Pic is bookended with scenes set in 1995, as 60-year-old Keita Onda watches with horrified fascination the TV coverage of the devastating earthquake that destroyed much of the city of Kobe. The conflagration reminds Keita of the last time he saw Kobe in flames, 50 years earlier, as American bombers attacked the metropolis and the 10-year-old was impressed only with the spectacle of it all.
In 1945, Keita lives with his father, Kokichi, a police officer, and his mother, Fuji. Both are traditional: His mother always wears a kimono, while his proud father is a stickler for discipline. He blames himself for the death of his eldest son, killed in the fighting, and he has decided to fulfill tradition by returning the dead youth’s ashes to the place where he was born, in far-off Miyazaki, a town on the southern island of Kyushu.
This means a long journey by train and ferry for the family, which also includes Keita’s little sister, Hideko, and his older brother, Koji. The rebellious Koji represents the new, postwar generation, as he wears an American flier’s jacket and secretly intends to run away and forge a life for himself at the first opportunity. Keita is fearful because among his friends and neighbors it’s rumored that, once Kokichi gets his family to Miyazaki, he will arrange a ritual suicide for all of them.
A large part of the film is set on the ferry, a veritable ship of fools on which Shinoda introduces a cross-section of Japanese society: a beautiful orphaned girl, traveling first class, who befriends Koji; a woman who may have worked as a geisha and is seizing the opportunity to start a new life; a discharged soldier, addicted to morphine; an elderly school headmaster, tormented by some nameless shame or fear; a cheerful black marketeer who represents the new entrepreneur of postwar Japan; an amiable traveling projectionist, repping Japanese culture, who screens movies in small towns and regrets that, because of a decree from MacArthur, he’s unable to screen that most popular of genres, the samurai film.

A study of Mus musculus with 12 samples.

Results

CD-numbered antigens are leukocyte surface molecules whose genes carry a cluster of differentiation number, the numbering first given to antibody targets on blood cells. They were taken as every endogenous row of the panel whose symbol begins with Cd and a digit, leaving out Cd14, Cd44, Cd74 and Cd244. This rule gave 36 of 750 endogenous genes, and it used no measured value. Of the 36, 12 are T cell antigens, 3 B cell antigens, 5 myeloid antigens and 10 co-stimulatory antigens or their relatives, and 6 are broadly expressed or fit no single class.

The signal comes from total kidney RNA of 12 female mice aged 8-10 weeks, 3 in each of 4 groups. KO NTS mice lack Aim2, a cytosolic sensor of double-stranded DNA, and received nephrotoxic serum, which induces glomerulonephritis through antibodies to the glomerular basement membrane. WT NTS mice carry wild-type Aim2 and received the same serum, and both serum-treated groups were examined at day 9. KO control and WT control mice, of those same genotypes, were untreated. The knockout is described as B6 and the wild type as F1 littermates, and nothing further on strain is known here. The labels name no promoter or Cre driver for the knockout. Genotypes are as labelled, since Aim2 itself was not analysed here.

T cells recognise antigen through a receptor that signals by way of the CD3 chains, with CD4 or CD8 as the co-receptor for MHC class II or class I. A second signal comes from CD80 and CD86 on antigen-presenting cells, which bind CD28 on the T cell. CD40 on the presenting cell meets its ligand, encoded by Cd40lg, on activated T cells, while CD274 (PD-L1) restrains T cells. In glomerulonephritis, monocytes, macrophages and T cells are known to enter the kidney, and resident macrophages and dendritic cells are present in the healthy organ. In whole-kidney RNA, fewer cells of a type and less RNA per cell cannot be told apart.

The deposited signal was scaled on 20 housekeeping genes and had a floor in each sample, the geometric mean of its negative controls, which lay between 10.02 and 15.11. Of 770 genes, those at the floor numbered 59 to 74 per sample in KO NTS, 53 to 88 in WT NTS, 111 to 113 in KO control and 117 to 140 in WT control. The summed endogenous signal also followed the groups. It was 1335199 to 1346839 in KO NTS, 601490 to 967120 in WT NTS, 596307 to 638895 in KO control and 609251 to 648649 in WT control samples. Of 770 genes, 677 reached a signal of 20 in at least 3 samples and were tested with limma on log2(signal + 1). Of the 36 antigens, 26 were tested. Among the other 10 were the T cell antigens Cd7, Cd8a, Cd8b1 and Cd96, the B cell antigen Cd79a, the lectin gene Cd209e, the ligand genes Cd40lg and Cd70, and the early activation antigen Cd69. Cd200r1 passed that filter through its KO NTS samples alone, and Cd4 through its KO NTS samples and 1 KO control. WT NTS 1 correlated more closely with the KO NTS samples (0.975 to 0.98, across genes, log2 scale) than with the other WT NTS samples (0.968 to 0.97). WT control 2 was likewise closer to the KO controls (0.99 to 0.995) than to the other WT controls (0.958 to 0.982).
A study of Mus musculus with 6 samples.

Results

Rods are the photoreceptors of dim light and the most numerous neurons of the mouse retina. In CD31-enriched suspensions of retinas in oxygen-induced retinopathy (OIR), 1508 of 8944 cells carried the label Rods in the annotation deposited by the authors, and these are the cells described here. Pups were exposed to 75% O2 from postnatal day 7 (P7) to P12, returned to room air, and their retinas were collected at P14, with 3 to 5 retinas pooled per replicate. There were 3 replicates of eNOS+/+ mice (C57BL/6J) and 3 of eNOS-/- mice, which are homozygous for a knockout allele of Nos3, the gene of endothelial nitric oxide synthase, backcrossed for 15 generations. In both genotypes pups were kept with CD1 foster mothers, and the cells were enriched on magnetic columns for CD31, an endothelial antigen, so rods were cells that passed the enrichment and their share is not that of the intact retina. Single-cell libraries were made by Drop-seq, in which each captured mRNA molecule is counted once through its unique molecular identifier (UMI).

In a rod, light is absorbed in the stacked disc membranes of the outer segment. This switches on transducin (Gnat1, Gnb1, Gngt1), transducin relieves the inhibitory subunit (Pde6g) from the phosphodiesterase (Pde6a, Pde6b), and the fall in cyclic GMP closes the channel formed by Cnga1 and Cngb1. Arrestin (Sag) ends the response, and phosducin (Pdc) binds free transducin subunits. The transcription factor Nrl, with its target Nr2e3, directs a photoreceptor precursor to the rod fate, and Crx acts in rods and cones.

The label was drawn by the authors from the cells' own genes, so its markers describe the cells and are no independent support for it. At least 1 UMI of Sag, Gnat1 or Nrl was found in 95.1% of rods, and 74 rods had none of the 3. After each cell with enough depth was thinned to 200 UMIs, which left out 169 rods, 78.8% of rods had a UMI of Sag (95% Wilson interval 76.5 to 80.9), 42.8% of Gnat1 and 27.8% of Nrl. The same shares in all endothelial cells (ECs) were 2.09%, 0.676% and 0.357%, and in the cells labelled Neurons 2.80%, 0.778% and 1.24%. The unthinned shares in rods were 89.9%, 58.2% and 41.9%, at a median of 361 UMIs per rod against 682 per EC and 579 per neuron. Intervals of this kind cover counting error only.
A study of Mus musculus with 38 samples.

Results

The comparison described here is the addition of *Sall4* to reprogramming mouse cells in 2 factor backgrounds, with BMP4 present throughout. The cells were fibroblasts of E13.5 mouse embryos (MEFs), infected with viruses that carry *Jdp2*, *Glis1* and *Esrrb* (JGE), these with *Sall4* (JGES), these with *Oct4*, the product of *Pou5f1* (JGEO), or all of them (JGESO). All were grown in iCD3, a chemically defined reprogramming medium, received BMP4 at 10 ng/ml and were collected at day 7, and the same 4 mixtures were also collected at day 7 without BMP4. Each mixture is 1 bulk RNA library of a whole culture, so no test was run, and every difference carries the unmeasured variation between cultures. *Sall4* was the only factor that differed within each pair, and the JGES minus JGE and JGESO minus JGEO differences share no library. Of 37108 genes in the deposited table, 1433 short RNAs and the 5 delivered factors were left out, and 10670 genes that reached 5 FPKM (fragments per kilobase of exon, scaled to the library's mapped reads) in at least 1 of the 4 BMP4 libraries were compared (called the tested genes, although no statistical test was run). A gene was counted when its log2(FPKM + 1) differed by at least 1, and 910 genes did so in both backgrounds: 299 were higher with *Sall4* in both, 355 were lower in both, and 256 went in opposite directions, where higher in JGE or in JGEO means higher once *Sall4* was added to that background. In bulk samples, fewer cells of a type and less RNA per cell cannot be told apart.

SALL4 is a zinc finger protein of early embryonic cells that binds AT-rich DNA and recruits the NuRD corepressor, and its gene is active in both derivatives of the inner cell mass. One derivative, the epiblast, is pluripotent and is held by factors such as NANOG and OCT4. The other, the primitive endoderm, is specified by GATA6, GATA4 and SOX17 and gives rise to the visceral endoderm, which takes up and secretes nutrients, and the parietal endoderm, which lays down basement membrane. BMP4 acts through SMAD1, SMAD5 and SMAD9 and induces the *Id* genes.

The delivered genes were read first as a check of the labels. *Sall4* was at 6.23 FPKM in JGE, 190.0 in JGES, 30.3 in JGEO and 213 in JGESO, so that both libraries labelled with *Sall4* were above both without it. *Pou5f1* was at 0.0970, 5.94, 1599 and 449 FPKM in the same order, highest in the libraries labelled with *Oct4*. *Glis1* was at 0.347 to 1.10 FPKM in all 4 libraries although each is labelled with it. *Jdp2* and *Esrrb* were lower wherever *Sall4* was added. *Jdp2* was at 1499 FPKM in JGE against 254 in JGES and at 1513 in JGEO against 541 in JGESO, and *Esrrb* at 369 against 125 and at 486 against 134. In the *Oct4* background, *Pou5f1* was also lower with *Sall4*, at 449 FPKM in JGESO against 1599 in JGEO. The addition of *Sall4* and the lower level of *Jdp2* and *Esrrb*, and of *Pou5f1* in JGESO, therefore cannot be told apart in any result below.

These and other characters are thrown together for the 24-hour voyage, during which the ferry narrowly avoids hitting mines, still plentiful in the sea, and one of the passengers commits suicide by jumping overboard. Once they arrive on the island, the lives of everyone undergo unexpected changes, some for the better, some not.
This handsomely produced film moves at an even pace and covers a great deal of ground, succinctly exploring the lives and destinies of at least 10 characters. The climax, with the hidebound Kokichi and the temperamental Koji coming to understand each other better, is quite moving. There’s also a fair amount of humor to be found in these characters and situations, as well as in spare injections of nostalgia, such as the Glenn Miller theme that gives the film its title, and a lovely scene in which Kokichi takes Keita to see “Casablanca,” though he really doesn’t approve of American films. Shinoda also explores with subtlety the tensions between the American occupying forces, who always seem quick to make moral judgments about Japanese traditions, and the defeated Japanese, who quickly get tired of constantly being criticized.
Well cast and well acted, “Moonlight Serenade” is visually handsome and lush. The music score is a tad sentimental at times, but overall this is a solid piece of work from an accomplished craftsman with something interesting to say.